1. Can I create a ad hoc network between the 2 Pis and receive this data?
  2. Will the Pi work in infrastructure mode and one of them should act as an access point? If so then which one?
  3. Is there a library in any language that can be used to receive packets sent via IEEE80211n?

First and foremost, networking for most computers happens in layers. This distinguishes how two computers are connected to each other (from the physical connection all the way to the application layer) such that they can actually communicate.

(I cleaved a lot of wordy stuff out of this, I'm now thinking it's better to just get to the point)

  1. Yes, you can create an adhoc network between two 802.11n-enabled computers. Depending on the distance that separates the two (including obstacles), it may not be the best way to send your data.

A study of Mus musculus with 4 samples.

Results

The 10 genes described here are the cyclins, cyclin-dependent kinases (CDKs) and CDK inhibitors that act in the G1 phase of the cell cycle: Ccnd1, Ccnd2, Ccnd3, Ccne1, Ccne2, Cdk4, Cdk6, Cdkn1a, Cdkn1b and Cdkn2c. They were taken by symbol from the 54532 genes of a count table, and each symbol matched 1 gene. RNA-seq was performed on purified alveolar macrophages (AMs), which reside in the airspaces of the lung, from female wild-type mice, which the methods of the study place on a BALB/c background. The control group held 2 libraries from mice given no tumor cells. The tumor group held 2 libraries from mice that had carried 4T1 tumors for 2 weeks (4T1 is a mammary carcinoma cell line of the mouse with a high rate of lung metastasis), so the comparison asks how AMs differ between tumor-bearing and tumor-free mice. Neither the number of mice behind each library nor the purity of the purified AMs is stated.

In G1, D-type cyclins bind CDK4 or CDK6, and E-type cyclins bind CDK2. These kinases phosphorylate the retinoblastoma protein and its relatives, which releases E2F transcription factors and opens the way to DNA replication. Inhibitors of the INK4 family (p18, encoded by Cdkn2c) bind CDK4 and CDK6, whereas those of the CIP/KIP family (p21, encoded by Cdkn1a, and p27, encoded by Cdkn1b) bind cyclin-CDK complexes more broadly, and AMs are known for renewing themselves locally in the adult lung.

2. Yes, you can have one of the Pi's be an access point and have the other connect to it. There is an Adafruit tutorial that references several different sources of how to create a Raspberry Pi access point. Note that not all WiFi adapters can act as access points. As for which one acts as the access point and which acts as the client, I don't suppose it matters. Flip a coin, ask a friend to choose, stare at tea leaves in a teapot, whatever does it for you.

  3. The trick here is that once you have the two Pi's connected to a network, then the real fun begins. You have several ways to accomplish what you might need done, but since "one is plugged into the pi that gets real time data from the device", I will assume you mean that one of the Pi's will always be sending, while the other is always receiving.

    So for setting up this communication, I'll point you to this Raspberry Pi StackExchange answer that might help you get started.